Luke 10:38 – 11:1 38 Now as they went on their way, he entered a certain village, where a woman named Martha welcomed him into her home. 39 She had a sister named Mary, who sat at the Lord’s feet and listened to what he was saying. 40 But Martha was distracted by her many tasks; so she came to him and asked, “Lord, do you not care that my sister has left me to do all the work by myself? Tell her then to help me.” 41 But the Lord answered her, “Martha, Martha, you are worried and distracted by many things; 42 there is need of only one thing. Mary has chosen the better part, which will not be taken away from her.”
I’m sure you’re all familiar with this Bible story. Jesus comes to teach, and one sister stays to listen while the other sister takes care of the hospitality. The sister who works is jealous of the sister who doesn’t, and tries to get Jesus to come in on her side and make her sister help. This passage has been used many times over the centuries to argue that study and contemplation are holier and more worthy than working; more troublingly, this passage has been used to dismiss the contributions women make to the church and to society at large. After all, the argument goes, the traditional main role of women is to support and care for people—just as Martha says—and Jesus says that the role of religious study and contemplation is more worthy.
But let’s take a closer look at this passage. Jesus does not condemn Martha’s actions, but the way in which she carries them out. Martha is worried and distracted by many things. Martha is more worried about the work to be done than she is in why it needs to be done.
Let’s be realistic. There’s a lot of support work out there that needs to be done, whether it falls under the realm of “women’s work” or not. No church, family, or community can long survive without it. But all too often, when we do the support work that everything else depends on, we get so caught up in the details that we forget why we’re doing it. We can’t see the forest for the trees. We get worried and distracted by many things, just like Martha. Here in the church office, it’s easy to get so caught up in finding a new coordinator for the food pantry, dealing with building renovations, scheduling visits with shut-ins, and such, that we forget why we as Christians need food pantries, buildings and people who can’t come to church.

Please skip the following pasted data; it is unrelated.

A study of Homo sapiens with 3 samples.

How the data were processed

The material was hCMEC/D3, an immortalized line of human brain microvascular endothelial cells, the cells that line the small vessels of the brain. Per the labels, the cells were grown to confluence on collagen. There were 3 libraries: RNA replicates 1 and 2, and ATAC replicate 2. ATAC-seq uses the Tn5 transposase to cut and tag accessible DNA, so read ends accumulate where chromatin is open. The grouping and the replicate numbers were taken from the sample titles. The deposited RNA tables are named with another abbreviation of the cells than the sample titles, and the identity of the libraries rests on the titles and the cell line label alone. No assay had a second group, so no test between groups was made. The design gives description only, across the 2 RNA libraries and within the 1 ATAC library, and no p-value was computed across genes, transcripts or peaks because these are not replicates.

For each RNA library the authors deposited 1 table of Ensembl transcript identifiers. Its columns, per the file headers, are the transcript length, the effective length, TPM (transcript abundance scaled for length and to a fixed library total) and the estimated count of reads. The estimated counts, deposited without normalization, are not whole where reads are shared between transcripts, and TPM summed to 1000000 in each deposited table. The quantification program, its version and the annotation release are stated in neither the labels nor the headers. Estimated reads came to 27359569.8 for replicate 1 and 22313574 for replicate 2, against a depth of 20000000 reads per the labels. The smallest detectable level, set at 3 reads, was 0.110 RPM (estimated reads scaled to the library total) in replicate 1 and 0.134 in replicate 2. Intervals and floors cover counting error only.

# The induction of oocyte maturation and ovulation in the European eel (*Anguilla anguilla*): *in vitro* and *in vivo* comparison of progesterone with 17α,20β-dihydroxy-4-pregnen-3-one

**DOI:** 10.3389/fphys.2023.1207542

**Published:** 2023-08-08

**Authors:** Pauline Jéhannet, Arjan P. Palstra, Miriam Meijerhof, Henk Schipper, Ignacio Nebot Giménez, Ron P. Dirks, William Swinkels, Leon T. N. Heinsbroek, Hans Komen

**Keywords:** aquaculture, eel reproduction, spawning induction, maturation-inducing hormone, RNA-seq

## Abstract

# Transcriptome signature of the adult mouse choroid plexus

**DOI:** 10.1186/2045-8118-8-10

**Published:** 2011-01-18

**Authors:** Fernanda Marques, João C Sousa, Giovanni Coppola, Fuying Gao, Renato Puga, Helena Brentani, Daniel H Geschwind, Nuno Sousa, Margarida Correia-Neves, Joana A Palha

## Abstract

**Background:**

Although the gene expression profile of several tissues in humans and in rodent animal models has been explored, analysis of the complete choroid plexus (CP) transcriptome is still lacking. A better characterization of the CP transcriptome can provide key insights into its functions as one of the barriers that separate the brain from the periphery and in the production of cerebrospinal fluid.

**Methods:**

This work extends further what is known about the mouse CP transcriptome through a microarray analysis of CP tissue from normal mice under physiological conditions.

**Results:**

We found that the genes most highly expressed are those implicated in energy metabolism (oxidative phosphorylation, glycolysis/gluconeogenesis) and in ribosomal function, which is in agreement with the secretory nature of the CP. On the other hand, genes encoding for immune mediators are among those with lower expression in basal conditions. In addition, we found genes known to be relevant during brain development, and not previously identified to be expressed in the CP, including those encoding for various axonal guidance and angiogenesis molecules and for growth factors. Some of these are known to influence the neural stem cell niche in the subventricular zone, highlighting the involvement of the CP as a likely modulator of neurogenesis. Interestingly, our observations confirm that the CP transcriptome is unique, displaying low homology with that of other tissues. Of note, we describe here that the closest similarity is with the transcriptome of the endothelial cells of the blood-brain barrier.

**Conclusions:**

We need to remember that the details that distract us are not the big picture. No matter how important they may be to daily life, they are not the ultimate goal of life. As Christians, our focus is in the life, death, and resurrection of our Lord and Savior Jesus Christ. We are freed from sin and death to become children of God, and are called to spread the Good News of God’s redeeming love to all the world. When life’s distractions get overwhelming and we find ourselves worried by many things and many responsibilities, we need to take a page out of Mary’s book and take the time to remember what our true center and focus is. We run food pantries because of God’s saving call for justice and healing for all including (especially!) the poor. We need buildings to provide a base for our worship of God and our spread of the Gospel. We need to care for shut-ins because they are still our brothers and sisters in Christ, members of the body of Christ. What distractions do you have in your life? How do they keep you from remembering the “big picture”?
If you have any questions about God, Christianity, or the Christian faith, please comment and I will address them next week.